Many people fall victim to crime in the EU every year - around 30 million crimes, excluding minor offenses, alone are reported to the police. More and more people are travelling, living or studying abroad and are therefore potential victims of crimes committed in a country other than their own. The EU has a mandate to ensure that citizens and foreigners moving within its borders are protected.
The very nature of a criminal act leaves a victim vulnerable and often in need of assistance. They can be involved, for the very first time, in the criminal justice system and may have to speak to police officers, lawyers and judges and ultimately go to court. Victims can find the process confusing and overwhelming, particularly when they are abroad.
The EU therefore acts to ensure that victims:
- are recognised and treated with respect and dignity;
- are protected from further victimisation and intimidation from the offender and further distress when they take part in the criminal justice process;
- receive appropriate support throughout proceedings and have access to justice;
- have appropriate access to compensation.
Victims must be able to benefit from this minimum level of rights without discrimination across the EU, irrespective of their nationality or country of residence and whether a minor or serious crime is involved, whether they have reported the crime and whether they are the victim or a family member.
The role of victims in criminal proceedings and the relevant national laws and policies on victims' rights differ considerably from one Member State to another. To address such lack of common minimum rules, the EU has adopted EU legislation both in relation to all victims and in relation to specific groups of victims.
General minimum standards to address the rights and needs of victims in criminal proceedings were first established through the 2001 Council Framework Decision on the standing of victims in criminal proceedings . This legal instrument was adopted to ensure that victims can participate actively, have adequate rights and are being treated fairly within criminal proceedings.
However, the Framework Decision proved insufficient to properly address the needs of victims and ensure they benefit from procedural rights in the Member States. Therefore, the Council stated in the Stockholm Programme (2010-2014) that an integrated and co-ordinated approach to victims is needed and calls on the Commission and EU countries to examine how to improve legislation in this area.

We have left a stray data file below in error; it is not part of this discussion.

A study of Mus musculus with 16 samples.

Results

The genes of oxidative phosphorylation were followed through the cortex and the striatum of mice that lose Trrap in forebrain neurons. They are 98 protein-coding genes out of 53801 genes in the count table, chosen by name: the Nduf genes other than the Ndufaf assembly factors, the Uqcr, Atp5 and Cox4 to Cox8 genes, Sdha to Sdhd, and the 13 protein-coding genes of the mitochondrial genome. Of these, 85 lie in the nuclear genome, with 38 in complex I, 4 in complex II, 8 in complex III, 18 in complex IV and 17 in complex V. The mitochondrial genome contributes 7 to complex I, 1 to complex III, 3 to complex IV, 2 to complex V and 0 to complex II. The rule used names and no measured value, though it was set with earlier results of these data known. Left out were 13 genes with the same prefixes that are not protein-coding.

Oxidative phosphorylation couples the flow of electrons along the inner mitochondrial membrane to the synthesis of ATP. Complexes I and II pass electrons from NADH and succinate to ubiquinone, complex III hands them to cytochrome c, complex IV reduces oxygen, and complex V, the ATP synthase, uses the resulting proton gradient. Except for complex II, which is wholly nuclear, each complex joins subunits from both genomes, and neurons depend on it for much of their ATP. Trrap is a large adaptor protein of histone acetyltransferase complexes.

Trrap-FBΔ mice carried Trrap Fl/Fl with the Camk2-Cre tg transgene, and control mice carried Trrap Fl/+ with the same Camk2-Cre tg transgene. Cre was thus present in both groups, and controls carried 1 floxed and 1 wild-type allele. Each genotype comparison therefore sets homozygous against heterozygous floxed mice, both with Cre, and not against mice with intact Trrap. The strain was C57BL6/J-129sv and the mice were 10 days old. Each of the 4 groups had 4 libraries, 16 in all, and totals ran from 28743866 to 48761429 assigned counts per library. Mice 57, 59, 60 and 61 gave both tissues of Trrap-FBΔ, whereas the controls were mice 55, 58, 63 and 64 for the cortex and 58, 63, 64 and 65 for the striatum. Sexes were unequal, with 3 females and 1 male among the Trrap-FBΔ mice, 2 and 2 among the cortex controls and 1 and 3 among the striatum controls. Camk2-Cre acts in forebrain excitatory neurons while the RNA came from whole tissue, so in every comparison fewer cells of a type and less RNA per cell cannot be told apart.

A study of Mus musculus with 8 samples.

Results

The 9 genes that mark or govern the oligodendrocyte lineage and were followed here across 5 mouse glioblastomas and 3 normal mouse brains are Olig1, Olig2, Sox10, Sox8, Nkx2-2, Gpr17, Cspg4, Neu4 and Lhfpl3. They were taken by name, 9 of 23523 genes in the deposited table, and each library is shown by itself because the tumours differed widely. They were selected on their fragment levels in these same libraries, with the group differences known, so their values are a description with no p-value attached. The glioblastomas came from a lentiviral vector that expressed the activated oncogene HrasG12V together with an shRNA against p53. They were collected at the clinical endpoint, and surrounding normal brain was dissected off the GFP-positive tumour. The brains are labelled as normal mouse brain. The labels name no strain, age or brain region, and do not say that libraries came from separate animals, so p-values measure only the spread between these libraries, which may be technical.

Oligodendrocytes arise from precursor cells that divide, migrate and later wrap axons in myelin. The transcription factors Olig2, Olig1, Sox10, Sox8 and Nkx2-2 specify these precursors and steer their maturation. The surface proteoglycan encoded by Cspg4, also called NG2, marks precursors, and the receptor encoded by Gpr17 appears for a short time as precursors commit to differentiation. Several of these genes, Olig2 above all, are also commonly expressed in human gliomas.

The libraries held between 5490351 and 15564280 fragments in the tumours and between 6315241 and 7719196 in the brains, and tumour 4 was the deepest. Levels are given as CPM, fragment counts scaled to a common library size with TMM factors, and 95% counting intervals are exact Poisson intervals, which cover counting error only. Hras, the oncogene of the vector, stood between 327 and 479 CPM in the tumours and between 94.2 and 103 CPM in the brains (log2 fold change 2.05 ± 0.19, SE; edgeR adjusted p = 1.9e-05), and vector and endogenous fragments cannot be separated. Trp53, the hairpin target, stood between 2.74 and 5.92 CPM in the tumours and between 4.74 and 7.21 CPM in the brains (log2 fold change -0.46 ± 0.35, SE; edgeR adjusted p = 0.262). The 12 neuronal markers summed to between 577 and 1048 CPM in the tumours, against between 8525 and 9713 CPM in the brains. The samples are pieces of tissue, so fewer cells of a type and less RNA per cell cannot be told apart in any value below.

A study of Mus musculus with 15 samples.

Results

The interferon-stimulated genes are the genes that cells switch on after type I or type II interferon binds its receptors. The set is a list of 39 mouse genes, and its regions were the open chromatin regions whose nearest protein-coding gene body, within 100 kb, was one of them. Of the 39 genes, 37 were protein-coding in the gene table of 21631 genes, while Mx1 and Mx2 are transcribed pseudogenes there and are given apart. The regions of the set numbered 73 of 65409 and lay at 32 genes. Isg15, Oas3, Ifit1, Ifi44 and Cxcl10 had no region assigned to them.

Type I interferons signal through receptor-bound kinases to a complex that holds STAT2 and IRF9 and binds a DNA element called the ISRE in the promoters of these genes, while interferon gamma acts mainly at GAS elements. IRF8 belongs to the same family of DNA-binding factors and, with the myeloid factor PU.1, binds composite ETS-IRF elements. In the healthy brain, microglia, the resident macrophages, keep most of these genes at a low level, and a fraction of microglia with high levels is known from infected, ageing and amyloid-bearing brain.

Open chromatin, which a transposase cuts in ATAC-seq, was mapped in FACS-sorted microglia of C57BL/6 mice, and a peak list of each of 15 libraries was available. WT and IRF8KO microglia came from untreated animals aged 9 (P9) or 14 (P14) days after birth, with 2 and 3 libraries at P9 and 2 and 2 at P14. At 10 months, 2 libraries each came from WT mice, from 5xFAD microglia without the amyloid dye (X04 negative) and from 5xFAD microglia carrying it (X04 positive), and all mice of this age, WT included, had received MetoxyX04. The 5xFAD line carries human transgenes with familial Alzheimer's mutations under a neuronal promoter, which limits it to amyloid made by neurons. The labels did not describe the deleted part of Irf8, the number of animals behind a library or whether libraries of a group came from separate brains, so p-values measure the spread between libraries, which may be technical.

To reinforce existing national and EU measures on victims' rights, a package of legislative proposals (the Victims package ) has been adopted, accompanied by a Communication presenting the Commission's current and future action in relation to victims [COM(2011)274 ]. The package includes:
- The Directive establishing minimum standards on the rights , support and protection of victims of crime was adopted on 25 October 2012 [2012/29/EU ]. The Directive replaces the 2001 Framework Decision and will ensure that victims are recognised, treated with respect and receive proper protection, support and access to justice. The Directive considerably strengthens the rights of victims and their family members to information, support and protection as well as their procedural rights when participating in criminal proceedings. It also includes provisions that will ensure that professionals are trained on victims' needs and encourage cooperation between Member States and awareness raising on victims' rights.
- The Regulation on mutual recognition of protection measures in civil matters [(EU) No 606/2013 ], which will help preventing harm and violence and ensure that victims who benefit from a protection measure taken in one EU country are provided with the same level of protection in other EU countries should they move or travel there. This measure complements:
- The Directive on the European Protection Order [2011/99/EU ] which applies to protection orders adopted under criminal procedures.
The EU has also adopted legislation to address the need for victims to get compensation for the damage caused by crime. The 2004 Directive relating to compensation to crime victims [Directive 2004/80/EC ] provides that victims can apply for state compensation when they have fallen victims to crime abroad, and receive assistance to do so. The 2012 Directive on Victims' Rights also includes an article on the right of victims to receive a decision in criminal proceedings on compensation to be paid by the offender.
With regard to specific groups of victims, EU legislation further establishes protection and support for victims of human trafficking and child victims of sexual exploitation and child pornography .
In addition to legislative action, the Commission has funded hundreds of projects aimed at supporting victims of crime, mainly through funding programmes in the fields of criminal justice and combating violence against children, young people and women (Daphne ).
This legislative package on victims' rights is a first step towards putting victims at the heart of the criminal justice agenda of the EU. As set out in the " Budapest Roadmap " adopted by the Council in 2011, the EU needs to continue addressing victims' rights. In line with the priority actions on victims set out in the Roadmap for the next years to come, the Commission is currently reviewing the legal framework on compensation of crime victims and is focusing on ensuring that the 2011 Directive on the European Protection Order and the 2012 Directive on Victims' Rights will be properly transposed into national legislation by the set deadlines in 2015.
The Commission will also further study and implement practical measures related to victims to ensure that victims obtain effective rights in practice.